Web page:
CrimLaw questions, help!


Postby vidayvino » Wed Dec 27, 2017 5:10 pm

Hi all,

1. Under the common law, felony murder refers to an intentional commitment of an inherently dangerous felony which must be independent from the killing. In other words, aggravated assault or aggravated battery cannot be the underlying crime. My question is, how to distinguish aggravated assault/batter from felony murder?

2. A as a creditor, in order to avoid default on a loan, sent a group of gangsters to the debtor B's residence to fire a few warning shots into the air for the sole purpose of scaring B. B got panicked and died of the heart attack. Is A liable for B's death? (Jurisdiction: US common law)




Postby Legallylawyer2020 » Wed Dec 27, 2017 6:02 pm

1) it depends on the jurisdiction. Your definition of felony murder is confusing. Felony Murder statutes are generally either enumerated (they list the felonies it applies to) or, as you said, there is the felony murder statute that specifies it applies to inherently dangerous felonies. Your question about assault is different. Where the merger doctrine applies to the felony murder statute (and only where the merger doctrine applies- you have to look at the specific jurisdiction to figure this out, and every US jurisdiction is different when it comes to their felony murder statute so the common law vs MPC inflected jurisdiction distinction doesn’t do a whole lot to help here), the underlying felony cannot be one that merges with homicide. Assault is one such felony. The driving force behind this is that if one assaults a person to the degree that the assaulted party dies as a result, that is a homicide not felony murder.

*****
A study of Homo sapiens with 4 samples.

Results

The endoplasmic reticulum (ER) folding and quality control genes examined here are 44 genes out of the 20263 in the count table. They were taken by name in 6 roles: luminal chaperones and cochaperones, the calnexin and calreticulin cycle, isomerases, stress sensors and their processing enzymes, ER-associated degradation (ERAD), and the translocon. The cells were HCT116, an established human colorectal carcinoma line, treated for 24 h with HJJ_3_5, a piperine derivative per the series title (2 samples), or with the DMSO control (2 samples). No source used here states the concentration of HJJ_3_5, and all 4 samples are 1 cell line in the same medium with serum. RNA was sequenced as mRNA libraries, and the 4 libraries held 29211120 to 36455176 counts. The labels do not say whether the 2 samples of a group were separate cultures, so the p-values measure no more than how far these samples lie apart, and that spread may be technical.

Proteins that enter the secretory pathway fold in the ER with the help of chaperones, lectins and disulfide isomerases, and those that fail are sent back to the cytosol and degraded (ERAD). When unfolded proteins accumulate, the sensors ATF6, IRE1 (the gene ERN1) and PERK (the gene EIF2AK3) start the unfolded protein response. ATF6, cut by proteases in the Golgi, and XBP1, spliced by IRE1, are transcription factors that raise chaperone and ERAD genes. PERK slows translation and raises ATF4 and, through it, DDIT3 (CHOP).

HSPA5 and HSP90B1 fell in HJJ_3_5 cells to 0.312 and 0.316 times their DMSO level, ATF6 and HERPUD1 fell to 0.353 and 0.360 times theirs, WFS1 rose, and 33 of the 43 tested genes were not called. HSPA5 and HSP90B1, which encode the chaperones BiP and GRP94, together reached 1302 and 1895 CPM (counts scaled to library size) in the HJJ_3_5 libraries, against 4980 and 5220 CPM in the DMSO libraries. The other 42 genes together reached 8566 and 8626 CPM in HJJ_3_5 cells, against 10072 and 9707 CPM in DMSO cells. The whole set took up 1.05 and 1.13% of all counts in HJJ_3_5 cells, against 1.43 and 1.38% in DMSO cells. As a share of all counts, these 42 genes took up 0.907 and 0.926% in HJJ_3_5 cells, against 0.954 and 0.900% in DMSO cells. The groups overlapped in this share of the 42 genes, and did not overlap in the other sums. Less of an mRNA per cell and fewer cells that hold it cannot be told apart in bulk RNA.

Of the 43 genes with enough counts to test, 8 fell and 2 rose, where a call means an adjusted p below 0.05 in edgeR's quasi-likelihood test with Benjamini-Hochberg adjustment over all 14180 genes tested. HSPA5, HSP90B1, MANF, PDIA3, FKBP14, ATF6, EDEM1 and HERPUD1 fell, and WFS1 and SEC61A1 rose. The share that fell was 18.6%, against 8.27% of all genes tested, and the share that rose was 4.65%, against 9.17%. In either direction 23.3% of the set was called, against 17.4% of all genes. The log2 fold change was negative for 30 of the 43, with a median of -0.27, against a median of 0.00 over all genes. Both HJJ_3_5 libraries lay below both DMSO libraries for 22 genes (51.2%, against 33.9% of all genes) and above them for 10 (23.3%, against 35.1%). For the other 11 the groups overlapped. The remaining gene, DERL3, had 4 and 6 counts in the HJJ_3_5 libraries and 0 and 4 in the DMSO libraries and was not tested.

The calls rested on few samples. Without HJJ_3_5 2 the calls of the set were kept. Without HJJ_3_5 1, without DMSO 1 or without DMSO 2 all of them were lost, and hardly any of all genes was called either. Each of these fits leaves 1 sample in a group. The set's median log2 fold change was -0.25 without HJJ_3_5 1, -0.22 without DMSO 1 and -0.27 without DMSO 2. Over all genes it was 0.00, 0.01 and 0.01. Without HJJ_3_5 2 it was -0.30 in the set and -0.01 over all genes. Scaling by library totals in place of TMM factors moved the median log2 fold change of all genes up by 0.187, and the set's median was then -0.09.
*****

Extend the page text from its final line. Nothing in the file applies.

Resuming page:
The idea of felony murder is to hold those responsible for felonies accountable for deaths that negligently/recklessly/accidentally occur during the commission of a predicate felony. A bank teller getting shot during the commission of a robbery is a classic example of a felony murder situation.

Assault or assault and battery is the intentional infliction of bodily injury. The best way I can distinguish it for you is to say that felony murder holds the perpetrator(s) of the predicate felony strictly liable for deaths occurring during the commission of said felony while assault requires mens rea (generally purpose or intent but can also be recklessness).

2) Again, saying US common law is not helpful because not all common law inflected jurisdictions in the US are the same. Generally, however, yes A is liable for B’s death. If it was a loansharking situation it may be felony murder, depending on the FM statute in this specific jurisdiction. Otherwise it’s likely involuntary manslaughter or criminally negligent homicide. Causation and proximate cause are going to be the lynchpins here. Was the death foreseeable? Did the gun shots hasten the death by even one second? He would be liable under the Pinkerton doctrine of complicity as either an accomplice or a conspirator.